Blog for SEO?

Do we recommend blogging as an SEO technique? Yes, but not just for SEO’s sake. That route, as well as likely being less effective SEO-wise, would inevitably result in you missing out on all the other benefits of blogging that Gordon discussed.

Blogging, as part of an integrated and intelligent online marketing strategy? It’s simply great for search engine optimisation.

Why Blogging is Good for SEO

Many organisations who blog, enjoy good search engine rankings. Is this because Google thinks blogs deserve to get a ranking boost? Probably not.

The ranking boosts are more indirect. It just so happens that blogging encourages a lot of practices that tick the search engine algorithms’ boxes.

1. Good Quality Informational Content

A very large portion of searches are research type queries. Very often blog posts contain detailed answers to this sort of query. As such, it’s information that Google wants to have ranking highly (as opposed to say brochureware content)

2. Fresh Content

Freshness is often cited as an important ranking factor for websites. I’m not so sold on the idea.

I am however very sold on the idea of web pages getting a freshness boost. Our little Google Caffeine experiment following the fatBuzz launch certainly proved that. Likewise our post about asking for blog comments enjoyed a period of ranking highly for the phrase “way to get blog comments”. Three weeks on it’s now lower down the first page and will continue to drop off as time goes by.

This freshness boost is a phenomena you can use in many ways to punch a good bit above your normal ranking levels.

3. Depth of content

Which site do you think a search engine is more likely to rank highly for the phrase “mugs” (sorry, a personal obsession):

  • A single page site about mugs;
  • A site containing many pages covering many different aspects of mugs?

Blogging regularly means you unconsciously transform your site from the first type of site to the second. You “reassure” Google that your site is genuinely about mugs, or whatever the service is you offer.

4. Search engine friendly content

Much good indexable content on the web remains virtually unfound in search engine results pages because the technology platform it is delivered on is sub-optimal for SEO. I include many commercial content management and e-commerce systems that claim to be search engine friendly in that category.

Leading blog platforms on the other hand are mostly set-up in a genuinely search engine friendly manner.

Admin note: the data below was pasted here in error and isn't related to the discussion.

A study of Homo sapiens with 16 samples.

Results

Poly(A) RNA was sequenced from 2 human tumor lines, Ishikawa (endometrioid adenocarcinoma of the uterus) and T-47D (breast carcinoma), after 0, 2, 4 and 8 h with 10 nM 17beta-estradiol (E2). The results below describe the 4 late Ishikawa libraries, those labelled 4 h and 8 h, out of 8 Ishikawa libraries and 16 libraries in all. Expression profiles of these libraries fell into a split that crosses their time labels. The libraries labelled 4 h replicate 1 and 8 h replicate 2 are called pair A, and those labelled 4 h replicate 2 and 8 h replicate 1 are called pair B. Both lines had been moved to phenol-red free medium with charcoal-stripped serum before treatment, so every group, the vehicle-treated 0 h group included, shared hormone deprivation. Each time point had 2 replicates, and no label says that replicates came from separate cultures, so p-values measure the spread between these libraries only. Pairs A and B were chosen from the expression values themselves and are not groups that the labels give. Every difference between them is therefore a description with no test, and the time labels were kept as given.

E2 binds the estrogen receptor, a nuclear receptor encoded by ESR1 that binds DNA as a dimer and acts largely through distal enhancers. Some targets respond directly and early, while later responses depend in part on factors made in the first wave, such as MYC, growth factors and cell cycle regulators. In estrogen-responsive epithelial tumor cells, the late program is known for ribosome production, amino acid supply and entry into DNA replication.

Closely related to this is the way most blog platforms organise content, compared to many other text based websites. The use of tags and categories, by happy chance, result in your blog using two of the least known, yet most powerful on-site optimisation techniques of internal linking structures and themeing.

9 Tips for Improving the Ranks of Your Blog

In roughly reverse order of importance:

1. If your platform allows it, change the page urls from post numbers to include the words from the main header of your post.  So your url would look like:

http://www.my-blog.com/my-first-post

Not http://www.my-blog.com/?post=1

2. Include target keywords in the title and content of your posts (provided of course you don’t ruin the user experience – I didn’t have to work to get the keywords SEO, blogs and blogging into this page)

3. Where practical make sure that the full version of your post is only available on one url only. Achieve this by making your blog’s home page, tag pages and category pages show snippets, rather than the full text – see the Attacat Brain home page as an example)

4. Link to other pages in your site (including previous posts) and relevant pages on other sites where appropriate. Consider using keywords within the link text (aka anchor text)

5. Use tags.  You’ll probably naturally use many of your target keywords in the tags anyway.  However that doesn’t mean you should neglect doing some keyword research

6. If there are not good over-riding marketing reasons for doing so, include your blog within your company website domain (e.g. www.your-company.com/blog not www.your-company-blog.com). This will allow your main site to gain maximum benefit from all the content you create and the links from other sites you gain.

7. Use a leading blogging platform rather than a tacked on blog module. Past experience has shown that the cost of sorting the issues of non-dedicated blogging platforms far exceeds the costs of deploying an additional leading paltform. Even something as widely acclaimed as the Drupal CMS has a comparatively poor blogging module. The worst culprits tend to be commercial proprietary ones with large license fees.  (There are exceptions to the rule of course!)  Our platform of choice is WordPress.org. For our clients with limited technical support and/or a desire to get a technophobic team to post, then we recommend the much less flexible but wonderfully simple Posterous. Blogger, WordPress.com and Tumblr are OK too, just not our preferred choices.

8. Market your posts thoroughly. It’s not good enough to just write great content (there were some great tips at the breakfast).  Including sharing buttons (such as the Twitter buttons etc on this post) is a good start.

9. Write good, engaging content. Oh such a dull thing to say, but sorry, it’s oh so important.